The Linux Foundation has announced the development of a new entry-level certification exam to complement their existing Linux Foundation Certified Sysadmin (LFCS) and Linux Foundation Certified Engineer (LFCE) exams. This new certification, the Linux Foundation Certified IT Associate (LFCA), targets people just moving into systems administration.
The certification will focus on the test taker’s knowledge of the fundamentals of system administration. We are in a complex world with a lot of systems administration options, and the LFCA intends to touch a little bit on each of the areas a new admin might run into. The test is still in development, but the areas that The Linux Foundation intends to focus on include:
- Linux Fundamentals
- System Administration Fundamentals
- Cloud Computing Fundamentals
- Security Fundamentals
- DevOps Fundamentals
- Supporting Applications and Developers
The categories will be complementary, with Linux Fundamentals including user and password management, for example, but security going more in-depth on that particular topic.
In keeping with being accessible for people with entry-level knowledge of the above areas, this certification will be a single exam. That means a user need not wade through dozens of courses and exams to get started in their chosen area of specialty, and the other two certifications are available when the user is ready to move beyond the basics.
Currently, The Linux Foundation has the following learning path for these exams:
|Introduction to Linux (LFS101)||Training|
|Essentials of Linux System Administration (LFS201)||Training|
|Linux Foundation Certified System Administrator (LFCS)||Certification|
|Linux Networking and Administration (LFS211)||Training|
|Linux Foundation Certified Engineer (LFCE)||Certification|
|Linux Security Fundamentals (LFS216)||Training|
The LFCA is designed to fit between “Introduction to Linux” and “Essentials of Linux System Administration” to make a pairing of courses and certification exams to carry a system administrator through their career.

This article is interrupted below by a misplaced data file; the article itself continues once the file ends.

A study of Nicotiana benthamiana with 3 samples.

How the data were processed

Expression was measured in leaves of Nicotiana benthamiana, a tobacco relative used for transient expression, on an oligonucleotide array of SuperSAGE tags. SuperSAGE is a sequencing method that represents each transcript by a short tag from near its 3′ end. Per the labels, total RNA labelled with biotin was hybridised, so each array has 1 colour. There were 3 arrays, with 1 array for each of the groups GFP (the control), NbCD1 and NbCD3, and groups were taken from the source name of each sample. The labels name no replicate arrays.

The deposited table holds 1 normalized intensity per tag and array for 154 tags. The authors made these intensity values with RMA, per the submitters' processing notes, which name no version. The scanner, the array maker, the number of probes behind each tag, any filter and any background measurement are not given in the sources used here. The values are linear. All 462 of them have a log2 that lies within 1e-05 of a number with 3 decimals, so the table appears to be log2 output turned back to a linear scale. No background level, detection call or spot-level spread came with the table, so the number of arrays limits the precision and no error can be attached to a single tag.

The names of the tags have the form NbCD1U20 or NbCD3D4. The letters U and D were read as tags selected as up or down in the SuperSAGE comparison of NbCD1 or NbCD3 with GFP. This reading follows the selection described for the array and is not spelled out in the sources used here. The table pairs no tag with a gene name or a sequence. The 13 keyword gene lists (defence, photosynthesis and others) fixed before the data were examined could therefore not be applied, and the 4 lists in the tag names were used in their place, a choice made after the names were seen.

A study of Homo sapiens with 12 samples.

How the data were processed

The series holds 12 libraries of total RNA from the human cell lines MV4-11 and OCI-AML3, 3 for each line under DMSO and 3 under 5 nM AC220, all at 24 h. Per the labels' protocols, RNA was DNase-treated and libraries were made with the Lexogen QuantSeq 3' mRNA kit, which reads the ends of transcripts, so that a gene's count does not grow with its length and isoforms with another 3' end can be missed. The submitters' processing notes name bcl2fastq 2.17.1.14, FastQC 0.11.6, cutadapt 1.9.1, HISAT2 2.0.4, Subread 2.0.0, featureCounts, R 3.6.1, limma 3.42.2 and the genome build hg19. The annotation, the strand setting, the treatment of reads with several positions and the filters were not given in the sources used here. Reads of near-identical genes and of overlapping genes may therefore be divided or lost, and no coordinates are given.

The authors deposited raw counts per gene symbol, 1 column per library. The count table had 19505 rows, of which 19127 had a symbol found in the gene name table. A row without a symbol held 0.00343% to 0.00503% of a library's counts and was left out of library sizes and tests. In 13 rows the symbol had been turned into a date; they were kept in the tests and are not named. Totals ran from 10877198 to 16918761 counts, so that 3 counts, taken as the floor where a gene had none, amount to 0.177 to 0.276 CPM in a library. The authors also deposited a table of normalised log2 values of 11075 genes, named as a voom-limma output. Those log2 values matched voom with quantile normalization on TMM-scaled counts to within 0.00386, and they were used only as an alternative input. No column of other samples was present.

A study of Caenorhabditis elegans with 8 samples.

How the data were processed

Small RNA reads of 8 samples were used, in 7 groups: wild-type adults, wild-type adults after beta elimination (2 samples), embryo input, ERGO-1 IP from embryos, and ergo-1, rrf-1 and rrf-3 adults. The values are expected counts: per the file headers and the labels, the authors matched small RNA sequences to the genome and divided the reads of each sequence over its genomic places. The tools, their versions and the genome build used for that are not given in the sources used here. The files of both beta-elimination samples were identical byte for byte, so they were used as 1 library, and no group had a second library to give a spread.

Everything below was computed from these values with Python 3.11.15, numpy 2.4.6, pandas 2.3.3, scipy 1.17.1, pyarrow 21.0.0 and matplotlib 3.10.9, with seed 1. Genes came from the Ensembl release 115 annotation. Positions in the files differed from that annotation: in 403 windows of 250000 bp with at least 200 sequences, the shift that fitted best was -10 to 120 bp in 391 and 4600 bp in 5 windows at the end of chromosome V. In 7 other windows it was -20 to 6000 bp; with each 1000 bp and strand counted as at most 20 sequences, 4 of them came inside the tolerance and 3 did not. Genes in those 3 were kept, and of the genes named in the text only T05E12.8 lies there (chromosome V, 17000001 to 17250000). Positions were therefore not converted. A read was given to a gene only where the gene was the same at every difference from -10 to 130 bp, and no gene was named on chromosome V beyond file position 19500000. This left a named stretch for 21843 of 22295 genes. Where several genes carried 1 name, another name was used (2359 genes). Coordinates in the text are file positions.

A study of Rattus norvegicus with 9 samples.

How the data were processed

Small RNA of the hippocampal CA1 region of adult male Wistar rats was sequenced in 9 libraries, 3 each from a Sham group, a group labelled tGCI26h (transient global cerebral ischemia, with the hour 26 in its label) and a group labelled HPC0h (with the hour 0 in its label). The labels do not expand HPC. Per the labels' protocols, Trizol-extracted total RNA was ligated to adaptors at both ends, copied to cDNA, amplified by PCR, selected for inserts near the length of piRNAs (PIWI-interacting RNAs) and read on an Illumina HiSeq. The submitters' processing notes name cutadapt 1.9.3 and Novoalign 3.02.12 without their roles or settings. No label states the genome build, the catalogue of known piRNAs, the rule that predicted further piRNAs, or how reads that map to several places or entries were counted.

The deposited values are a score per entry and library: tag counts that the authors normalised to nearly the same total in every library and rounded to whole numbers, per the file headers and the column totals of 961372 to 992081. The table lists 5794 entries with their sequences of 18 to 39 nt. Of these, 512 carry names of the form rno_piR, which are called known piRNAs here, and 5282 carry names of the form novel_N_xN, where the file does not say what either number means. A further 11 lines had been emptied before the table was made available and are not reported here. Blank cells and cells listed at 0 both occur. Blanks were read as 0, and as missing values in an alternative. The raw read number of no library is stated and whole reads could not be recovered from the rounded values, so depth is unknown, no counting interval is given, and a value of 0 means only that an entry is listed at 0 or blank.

In the midst of business closings and social distancing both increasing the amount of working from home that knowledge workers are involved in, on-site proctored examinations have suffered. This is unfortunate, as there is a spike in the number of people looking to improve their position through certification.
Since its first exam, the Linux Foundation has offered online exams through a partnership with a proctoring organization. The approach is simple: Webcam, screen-sharing and chat are available to the proctor to monitor the test taker’s activities. Further, the entire session is recorded, so any misunderstandings can be reviewed. The fact that remote proctoring is standard for The Linux Foundation and the organization has been doing it for years hopefully means that proctoring is unobtrusive, and the test-taker can generally just take their test with minimum technical issues.
The rush to remote proctored testing has created problems for some organizations; having had years to work it out should mean this is not a problem for The Linux Foundation in general and LFCA specifically.
So if you have friends/coworkers interested in moving in this direction but are unable or unwilling to work through four years of university to get started, point them toward the LFCA. There are a lot of options, but the LFCA has less overhead than many of the other options and will help them settle on whether they are ready to pursue their dream.
We’ll circle back and do a more in-depth look when the certification is released because there are two parts to a certification—who it benefits and what prospective employers think. We’ll be interested in seeing how this fits with employers’ needs, and to delve into sample questions when they are available.